Even divorced from this description though the film is an interesting and confident first feature from writer/directors Navot Papushado and Aharon Keshales, an intriguing and absorbing daylight horror.
Rabies is a slasher film to the extent that it has a stereotypical slasher character, boiler suited, mute and a merciless killer, but Papushado and Keshales are quick to move away from this character, his appearance on-screen would be better counted in seconds rather than minutes, and the real horror of the film is not his stalking and slashing but in the way in which seemingly ordinary characters begin acting in extraordinary ways. It is often through their own actions that they end up dying, not in a farcical Tucker and Dale-esque way but through the escalation of events and their heightened reactions to what occurs. That is not to say that there isn’t any humour in the film but it is of the more darker blackly comic variety than the gory good time that is more prevalent in 21st century slashers.
There is a large proportion of Rabies that is deeply unsettling too, the introduction of two bumbling cops seems at first to be simply the injection of a well-worn amusing horror cliché but as one cop’s behaviour becomes increasingly disgusting there is a wholly serious sick feeling in one’s stomach that is wrought from empathic emotional connection rather than a visceral reaction. Papushado and Keshales do an excellent job throughout of building on your connection to the characters despite the tiny amount of time available to each, the film is told from the viewpoint of many different characters, and the economy in character development and storytelling is commendable.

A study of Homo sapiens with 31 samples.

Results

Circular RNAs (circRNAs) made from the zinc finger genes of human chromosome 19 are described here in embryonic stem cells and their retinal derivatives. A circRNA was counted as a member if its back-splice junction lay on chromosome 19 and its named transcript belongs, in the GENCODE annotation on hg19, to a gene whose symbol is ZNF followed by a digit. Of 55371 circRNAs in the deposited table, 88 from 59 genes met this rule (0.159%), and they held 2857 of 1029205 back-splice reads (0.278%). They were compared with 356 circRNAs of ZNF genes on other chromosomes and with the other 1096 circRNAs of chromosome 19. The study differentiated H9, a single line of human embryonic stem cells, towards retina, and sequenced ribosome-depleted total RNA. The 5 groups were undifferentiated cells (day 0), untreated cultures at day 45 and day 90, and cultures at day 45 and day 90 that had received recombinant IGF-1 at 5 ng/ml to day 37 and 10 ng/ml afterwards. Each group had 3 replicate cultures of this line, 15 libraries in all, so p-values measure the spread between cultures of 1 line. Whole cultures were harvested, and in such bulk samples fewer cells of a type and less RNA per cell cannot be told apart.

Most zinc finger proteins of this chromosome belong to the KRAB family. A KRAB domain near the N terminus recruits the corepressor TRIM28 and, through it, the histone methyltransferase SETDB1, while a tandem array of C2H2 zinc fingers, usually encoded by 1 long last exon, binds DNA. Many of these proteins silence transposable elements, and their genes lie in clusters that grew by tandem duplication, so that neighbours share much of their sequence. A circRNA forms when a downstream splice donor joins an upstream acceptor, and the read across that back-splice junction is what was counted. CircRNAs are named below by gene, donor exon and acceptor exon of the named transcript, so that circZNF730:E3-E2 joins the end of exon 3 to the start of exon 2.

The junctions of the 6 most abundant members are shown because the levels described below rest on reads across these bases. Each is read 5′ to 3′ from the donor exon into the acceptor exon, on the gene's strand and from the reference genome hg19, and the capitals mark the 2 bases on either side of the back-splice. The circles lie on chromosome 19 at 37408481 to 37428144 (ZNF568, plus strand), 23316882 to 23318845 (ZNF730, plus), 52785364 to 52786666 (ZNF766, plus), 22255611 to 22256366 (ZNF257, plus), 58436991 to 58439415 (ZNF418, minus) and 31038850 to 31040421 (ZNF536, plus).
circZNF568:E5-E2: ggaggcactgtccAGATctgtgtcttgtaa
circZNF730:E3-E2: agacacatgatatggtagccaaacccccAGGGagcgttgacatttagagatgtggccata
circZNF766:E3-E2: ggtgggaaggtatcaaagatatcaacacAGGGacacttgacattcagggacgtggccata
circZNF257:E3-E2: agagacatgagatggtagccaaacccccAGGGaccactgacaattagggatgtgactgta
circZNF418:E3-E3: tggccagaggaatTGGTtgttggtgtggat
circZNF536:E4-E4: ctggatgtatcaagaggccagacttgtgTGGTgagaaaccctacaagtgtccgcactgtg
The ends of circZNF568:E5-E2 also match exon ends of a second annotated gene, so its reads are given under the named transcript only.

Unfortunately things go a little awry in the film’s final moments and the last ten minutes or so are a real low point. There seems to be a rush to the finishing line and what could have been a satisfying climax to an otherwise excellent film is ultimately a tonal and narrative scatter-shot mess. Thankfully though the 80 minutes that lead up to this point are wonderful, filled with enough entertaining unpredictability and imaginative twists on horror expectations to keep you thoroughly engaged and wanting more.
Rabies played as part of the UK Jewish Film Festival.